Tuesday, September 7, 2010

Progress City – The Model


Progress City was truly a model city.  This miniature city was built at a scale of 1/8-inch equal to 1-foot.  It represented a 3-dimensional vision of Epcot, Walt Disney’s vision of a model city of the future where “people could live a life that they couldn’t find anywhere else in the world.”

The model city was very well planned and beautifully landscaped with 20,000 trees and shrubs.  Every one of the 4,500 buildings was carefully positioned and sized for a specific purpose.  Roads were laid out to create a logical traffic pattern, and lighted by 1,400 streetlights.  There were 7 types of transportation, including rapid transit monorails, electric trains, the WEDway PeopleMover, automotive, transporters (electric carts), moving sidewalks, and of course jets, for the jet airport.  In all Progress City had 2,450 vehicles actually moving.

I’ve done a great deal of research on this model city (miniature) and Walt’s ultimate dream for Epcot as a city.  The designs are actually quite practical in terms of brick and mortar.  But without Walt, the company lacked the vision necessary to operate and manage such an innovative city.  In a shortsighted way, they couldn’t figure out how to make a city turn a profit.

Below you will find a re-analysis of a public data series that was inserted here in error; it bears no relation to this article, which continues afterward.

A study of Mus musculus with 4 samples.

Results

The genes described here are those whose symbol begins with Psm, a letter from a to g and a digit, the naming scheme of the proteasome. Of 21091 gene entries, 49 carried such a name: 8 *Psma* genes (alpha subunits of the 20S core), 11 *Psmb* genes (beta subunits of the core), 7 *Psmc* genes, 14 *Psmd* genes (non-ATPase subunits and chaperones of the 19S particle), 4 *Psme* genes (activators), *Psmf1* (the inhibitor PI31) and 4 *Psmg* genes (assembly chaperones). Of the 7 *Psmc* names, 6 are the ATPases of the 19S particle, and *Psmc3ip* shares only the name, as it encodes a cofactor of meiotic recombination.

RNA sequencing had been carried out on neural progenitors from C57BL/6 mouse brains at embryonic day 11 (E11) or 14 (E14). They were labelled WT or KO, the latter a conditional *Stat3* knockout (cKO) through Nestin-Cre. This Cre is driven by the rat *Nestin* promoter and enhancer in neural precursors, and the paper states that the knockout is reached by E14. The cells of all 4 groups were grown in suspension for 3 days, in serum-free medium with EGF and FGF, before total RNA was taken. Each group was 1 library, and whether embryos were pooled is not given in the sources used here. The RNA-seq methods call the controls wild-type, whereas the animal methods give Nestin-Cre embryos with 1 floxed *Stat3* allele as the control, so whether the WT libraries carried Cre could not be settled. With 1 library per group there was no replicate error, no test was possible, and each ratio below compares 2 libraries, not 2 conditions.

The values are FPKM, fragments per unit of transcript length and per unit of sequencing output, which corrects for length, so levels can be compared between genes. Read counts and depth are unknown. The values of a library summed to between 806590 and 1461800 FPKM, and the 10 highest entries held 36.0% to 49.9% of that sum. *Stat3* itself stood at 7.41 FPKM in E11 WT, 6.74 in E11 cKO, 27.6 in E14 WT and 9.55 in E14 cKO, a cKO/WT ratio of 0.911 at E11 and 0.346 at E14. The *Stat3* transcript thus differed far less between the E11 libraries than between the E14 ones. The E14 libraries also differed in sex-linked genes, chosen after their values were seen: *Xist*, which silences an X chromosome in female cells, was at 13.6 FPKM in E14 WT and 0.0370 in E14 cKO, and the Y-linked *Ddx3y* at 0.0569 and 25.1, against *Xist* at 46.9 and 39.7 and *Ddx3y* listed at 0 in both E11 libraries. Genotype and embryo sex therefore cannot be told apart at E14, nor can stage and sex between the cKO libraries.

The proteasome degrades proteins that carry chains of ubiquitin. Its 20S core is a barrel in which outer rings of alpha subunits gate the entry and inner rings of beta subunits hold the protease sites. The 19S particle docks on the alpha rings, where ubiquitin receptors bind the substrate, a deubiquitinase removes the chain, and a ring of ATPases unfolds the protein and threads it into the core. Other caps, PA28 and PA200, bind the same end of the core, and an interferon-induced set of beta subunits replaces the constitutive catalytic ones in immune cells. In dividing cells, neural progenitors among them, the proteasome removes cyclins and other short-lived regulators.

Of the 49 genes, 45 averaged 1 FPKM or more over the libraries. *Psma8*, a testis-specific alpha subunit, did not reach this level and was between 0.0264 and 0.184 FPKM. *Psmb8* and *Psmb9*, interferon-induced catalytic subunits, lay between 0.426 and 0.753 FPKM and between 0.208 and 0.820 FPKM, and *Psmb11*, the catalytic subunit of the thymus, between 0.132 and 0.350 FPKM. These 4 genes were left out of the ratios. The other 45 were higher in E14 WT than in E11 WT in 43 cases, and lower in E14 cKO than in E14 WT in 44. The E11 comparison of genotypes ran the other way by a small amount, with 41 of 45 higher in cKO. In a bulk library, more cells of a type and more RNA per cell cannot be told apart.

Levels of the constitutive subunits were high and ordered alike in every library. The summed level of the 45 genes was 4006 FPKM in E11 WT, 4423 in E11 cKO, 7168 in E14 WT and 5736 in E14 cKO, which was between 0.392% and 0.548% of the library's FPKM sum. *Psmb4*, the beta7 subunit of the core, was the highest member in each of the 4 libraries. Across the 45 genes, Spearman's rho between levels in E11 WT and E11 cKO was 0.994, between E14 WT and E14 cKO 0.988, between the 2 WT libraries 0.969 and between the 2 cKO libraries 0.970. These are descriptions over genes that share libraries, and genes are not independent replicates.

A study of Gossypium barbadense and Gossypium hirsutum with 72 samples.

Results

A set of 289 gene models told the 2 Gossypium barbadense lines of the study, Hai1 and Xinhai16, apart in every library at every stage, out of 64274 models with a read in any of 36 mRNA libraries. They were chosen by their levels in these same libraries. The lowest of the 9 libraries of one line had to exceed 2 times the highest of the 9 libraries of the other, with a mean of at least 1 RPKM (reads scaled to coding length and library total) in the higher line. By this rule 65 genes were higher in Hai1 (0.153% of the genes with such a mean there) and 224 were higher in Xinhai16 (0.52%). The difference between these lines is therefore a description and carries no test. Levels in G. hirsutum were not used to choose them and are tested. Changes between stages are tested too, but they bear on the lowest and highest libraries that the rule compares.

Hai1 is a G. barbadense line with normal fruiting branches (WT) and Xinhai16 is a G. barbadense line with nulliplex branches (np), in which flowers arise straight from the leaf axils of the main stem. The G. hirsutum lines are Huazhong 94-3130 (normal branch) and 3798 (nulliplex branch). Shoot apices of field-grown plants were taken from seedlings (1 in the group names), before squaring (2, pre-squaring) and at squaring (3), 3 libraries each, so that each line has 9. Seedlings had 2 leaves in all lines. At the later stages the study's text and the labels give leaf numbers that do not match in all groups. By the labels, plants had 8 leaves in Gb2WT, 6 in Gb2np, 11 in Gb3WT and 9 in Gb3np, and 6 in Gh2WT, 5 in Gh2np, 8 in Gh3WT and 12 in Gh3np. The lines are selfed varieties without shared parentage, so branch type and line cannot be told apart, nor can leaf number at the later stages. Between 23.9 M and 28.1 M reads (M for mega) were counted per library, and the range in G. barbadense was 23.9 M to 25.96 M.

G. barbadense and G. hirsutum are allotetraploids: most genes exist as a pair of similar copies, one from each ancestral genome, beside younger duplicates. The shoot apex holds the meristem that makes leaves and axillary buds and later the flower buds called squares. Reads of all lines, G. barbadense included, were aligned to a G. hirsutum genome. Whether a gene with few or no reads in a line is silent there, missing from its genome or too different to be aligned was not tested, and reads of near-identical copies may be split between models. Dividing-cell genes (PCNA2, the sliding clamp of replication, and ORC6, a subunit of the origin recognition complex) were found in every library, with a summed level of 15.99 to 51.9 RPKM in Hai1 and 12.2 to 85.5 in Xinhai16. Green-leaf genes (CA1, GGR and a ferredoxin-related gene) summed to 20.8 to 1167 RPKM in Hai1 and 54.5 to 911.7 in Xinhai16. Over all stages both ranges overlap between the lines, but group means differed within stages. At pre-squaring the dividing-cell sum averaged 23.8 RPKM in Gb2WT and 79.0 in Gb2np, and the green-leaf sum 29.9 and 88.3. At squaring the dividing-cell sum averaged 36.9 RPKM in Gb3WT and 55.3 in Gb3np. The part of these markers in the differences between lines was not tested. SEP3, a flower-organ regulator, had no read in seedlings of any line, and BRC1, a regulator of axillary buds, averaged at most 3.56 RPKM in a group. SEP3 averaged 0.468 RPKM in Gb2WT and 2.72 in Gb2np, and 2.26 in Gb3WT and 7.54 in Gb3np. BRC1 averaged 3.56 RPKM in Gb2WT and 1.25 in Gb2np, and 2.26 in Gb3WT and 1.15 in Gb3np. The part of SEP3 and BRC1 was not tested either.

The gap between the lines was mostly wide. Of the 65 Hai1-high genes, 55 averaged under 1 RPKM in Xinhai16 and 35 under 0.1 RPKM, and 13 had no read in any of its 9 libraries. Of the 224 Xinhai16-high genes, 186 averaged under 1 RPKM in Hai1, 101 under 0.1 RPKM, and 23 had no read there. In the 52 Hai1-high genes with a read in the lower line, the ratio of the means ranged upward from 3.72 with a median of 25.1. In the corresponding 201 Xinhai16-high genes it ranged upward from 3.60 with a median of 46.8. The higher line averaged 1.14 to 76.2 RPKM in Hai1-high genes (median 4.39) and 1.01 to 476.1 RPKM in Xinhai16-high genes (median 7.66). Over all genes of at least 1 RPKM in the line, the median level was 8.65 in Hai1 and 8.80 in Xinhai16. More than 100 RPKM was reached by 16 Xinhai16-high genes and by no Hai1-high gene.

In 1965, the US population was 194.3 million.  By 2007, it had increased to 300 million.  In 40 years, more than 100 million Americans were looking for a new place to live.  Imagine what the profits could be like if, instead of franchising theme parks around the world, the company was franchising cities.  

This SketchUp drawing indicates several points of interest for the downtown area.  The city center was supposed to be a huge indoor mall.  It would have covered nearly 2 million square feet, and just over 45 acres.  Excluding the transportation hub and circulation it might have had as much as 1 million square feet of retail space.  Indoor malls were a very new concept in 1966, but in the years since they have sprung up all over the country at a great profit to the operators.  In fact, the Orange County, California, South Coast Plaza generated more revenue in the mid 70s than Disneyland.

P.S. This is post 100, and the cause for some minor celebration.  Hooray!